Monterey County Coast Weekly Reporter Returns from Iraq

january 15, 2004  09:39 am
Monterey County Coast Weekly Reporter Returns from Iraq
Contact: Eric Johnson, 831-394- 5656

Monterey, Calif.—Jan.15, 2004—After spending the holidays embedded with an Army Civil Affairs unit in Iraq, Weekly reporter Andrew Scutro describes the war zone as "a very dangerous place that's random and weird but also ultimately hopeful." In a Jan. 15 cover story published in the Weekly (, Scutro reports on American soldiers and Iraqi civilians working together to rebuild post- invasion Iraq.

Scutro, who was in Iraq for three weeks between December and January, spent much of his time embedded with a civil affairs team that works with Iraqi civilians and officials to build the roots of a fragile new government. During his Middle East stay, Scutro also interviewed L. Paul Bremer, head of the Coalition Provisional Authority.

Monterey County Coast Weekly is the only alternative newsweekly to have sent a reporter to cover the war and occupation in Iraq. It's not the first time the Weekly has sent one of its staff to a war zone. In 1991, during the first Iraq war, the paper sent then-news editor Jim Cole to the Persian Gulf on a military cargo plan.

Scutro says his visit to the war zone was harrowing but enlightening.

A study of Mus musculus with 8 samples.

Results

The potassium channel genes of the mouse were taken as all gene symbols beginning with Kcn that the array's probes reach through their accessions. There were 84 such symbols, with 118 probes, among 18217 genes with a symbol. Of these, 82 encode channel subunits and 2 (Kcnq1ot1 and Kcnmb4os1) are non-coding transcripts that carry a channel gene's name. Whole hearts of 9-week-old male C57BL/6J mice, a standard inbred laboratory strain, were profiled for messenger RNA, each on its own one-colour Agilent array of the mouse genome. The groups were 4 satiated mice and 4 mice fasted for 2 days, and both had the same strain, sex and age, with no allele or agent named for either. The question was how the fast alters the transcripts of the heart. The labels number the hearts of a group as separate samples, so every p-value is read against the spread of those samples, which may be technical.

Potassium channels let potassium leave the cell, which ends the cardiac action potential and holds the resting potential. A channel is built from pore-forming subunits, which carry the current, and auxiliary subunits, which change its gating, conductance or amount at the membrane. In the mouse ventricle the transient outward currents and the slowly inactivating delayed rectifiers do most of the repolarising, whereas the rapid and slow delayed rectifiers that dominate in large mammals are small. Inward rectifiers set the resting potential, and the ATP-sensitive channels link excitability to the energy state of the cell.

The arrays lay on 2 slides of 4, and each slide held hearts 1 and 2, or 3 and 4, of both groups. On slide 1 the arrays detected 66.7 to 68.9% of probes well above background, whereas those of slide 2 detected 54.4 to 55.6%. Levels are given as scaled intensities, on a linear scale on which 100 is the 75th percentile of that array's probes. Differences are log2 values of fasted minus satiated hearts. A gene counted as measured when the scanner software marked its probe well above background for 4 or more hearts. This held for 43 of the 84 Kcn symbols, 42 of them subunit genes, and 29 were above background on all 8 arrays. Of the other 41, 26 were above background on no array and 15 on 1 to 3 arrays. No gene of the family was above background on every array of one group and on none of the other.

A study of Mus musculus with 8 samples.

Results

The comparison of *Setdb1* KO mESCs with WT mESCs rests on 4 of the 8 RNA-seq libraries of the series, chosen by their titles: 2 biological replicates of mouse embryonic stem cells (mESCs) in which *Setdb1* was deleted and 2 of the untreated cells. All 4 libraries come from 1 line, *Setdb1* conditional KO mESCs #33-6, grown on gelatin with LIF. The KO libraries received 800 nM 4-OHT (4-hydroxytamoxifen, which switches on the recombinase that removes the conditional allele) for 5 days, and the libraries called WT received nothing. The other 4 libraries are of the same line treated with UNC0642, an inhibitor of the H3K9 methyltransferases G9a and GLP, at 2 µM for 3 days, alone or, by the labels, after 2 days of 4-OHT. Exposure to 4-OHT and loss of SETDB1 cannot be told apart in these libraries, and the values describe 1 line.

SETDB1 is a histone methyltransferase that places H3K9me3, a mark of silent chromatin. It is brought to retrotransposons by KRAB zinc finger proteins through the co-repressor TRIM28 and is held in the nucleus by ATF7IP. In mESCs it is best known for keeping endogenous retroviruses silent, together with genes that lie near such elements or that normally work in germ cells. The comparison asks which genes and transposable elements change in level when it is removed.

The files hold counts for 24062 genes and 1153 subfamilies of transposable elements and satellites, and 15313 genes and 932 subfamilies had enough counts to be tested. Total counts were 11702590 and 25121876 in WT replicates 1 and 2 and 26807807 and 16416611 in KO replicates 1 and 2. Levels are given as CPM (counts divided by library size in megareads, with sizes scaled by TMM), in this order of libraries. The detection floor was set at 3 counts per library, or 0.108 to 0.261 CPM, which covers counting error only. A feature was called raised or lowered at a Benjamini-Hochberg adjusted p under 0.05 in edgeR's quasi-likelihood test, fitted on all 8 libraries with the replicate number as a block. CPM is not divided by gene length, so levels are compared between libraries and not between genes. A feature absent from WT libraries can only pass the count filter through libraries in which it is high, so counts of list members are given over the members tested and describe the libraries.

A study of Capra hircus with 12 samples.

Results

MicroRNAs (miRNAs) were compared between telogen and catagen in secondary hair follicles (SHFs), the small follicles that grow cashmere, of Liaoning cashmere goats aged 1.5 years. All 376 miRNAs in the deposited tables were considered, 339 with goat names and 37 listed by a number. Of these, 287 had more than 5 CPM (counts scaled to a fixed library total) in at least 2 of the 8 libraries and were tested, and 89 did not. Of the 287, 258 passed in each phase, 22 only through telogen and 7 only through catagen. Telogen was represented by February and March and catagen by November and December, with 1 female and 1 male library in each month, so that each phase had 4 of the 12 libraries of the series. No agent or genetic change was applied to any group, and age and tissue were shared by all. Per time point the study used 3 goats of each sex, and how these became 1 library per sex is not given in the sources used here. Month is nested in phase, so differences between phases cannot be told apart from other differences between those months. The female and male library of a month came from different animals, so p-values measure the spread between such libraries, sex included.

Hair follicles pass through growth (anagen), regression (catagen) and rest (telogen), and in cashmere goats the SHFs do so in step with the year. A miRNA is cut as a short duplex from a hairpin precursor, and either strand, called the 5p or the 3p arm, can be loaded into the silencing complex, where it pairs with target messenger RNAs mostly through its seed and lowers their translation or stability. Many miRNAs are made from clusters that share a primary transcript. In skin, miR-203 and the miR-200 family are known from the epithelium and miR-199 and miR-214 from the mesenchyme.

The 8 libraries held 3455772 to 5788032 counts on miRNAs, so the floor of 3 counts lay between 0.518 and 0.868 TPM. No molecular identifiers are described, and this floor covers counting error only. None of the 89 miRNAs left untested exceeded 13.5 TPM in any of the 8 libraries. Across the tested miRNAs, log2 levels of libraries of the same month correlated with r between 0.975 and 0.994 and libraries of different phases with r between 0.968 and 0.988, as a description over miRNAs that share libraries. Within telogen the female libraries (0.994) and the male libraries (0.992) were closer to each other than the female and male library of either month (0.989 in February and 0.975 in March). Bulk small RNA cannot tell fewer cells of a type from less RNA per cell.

"As a reporter, you just have to keep your eyes and ears open--and take lots of notes. I can't begin to offer any sort of macro view, as I saw everything from the ground level, speaking to both Americans and Iraqis.

"It's a given that the Iraqis don't want to be occupied by a foreign army but they don't want the Americans to leave. Clearly, the Americans would rather be home, but picking up and leaving now is not an option.

"Until the mess is cleaned up and Iraq is put back together--whatever that ends up looking like--expect to see Iraq in the headlines for a very long time.

Ultimately, Scutro's story contains a surprising element of hope.

"Iraq rests in the cradle of civilization but after 35 years of abuse and war it's broken and tattered. Despite the trauma, the people are resilient, whether that means they love the Americans, violently hate the occupiers or just don't care."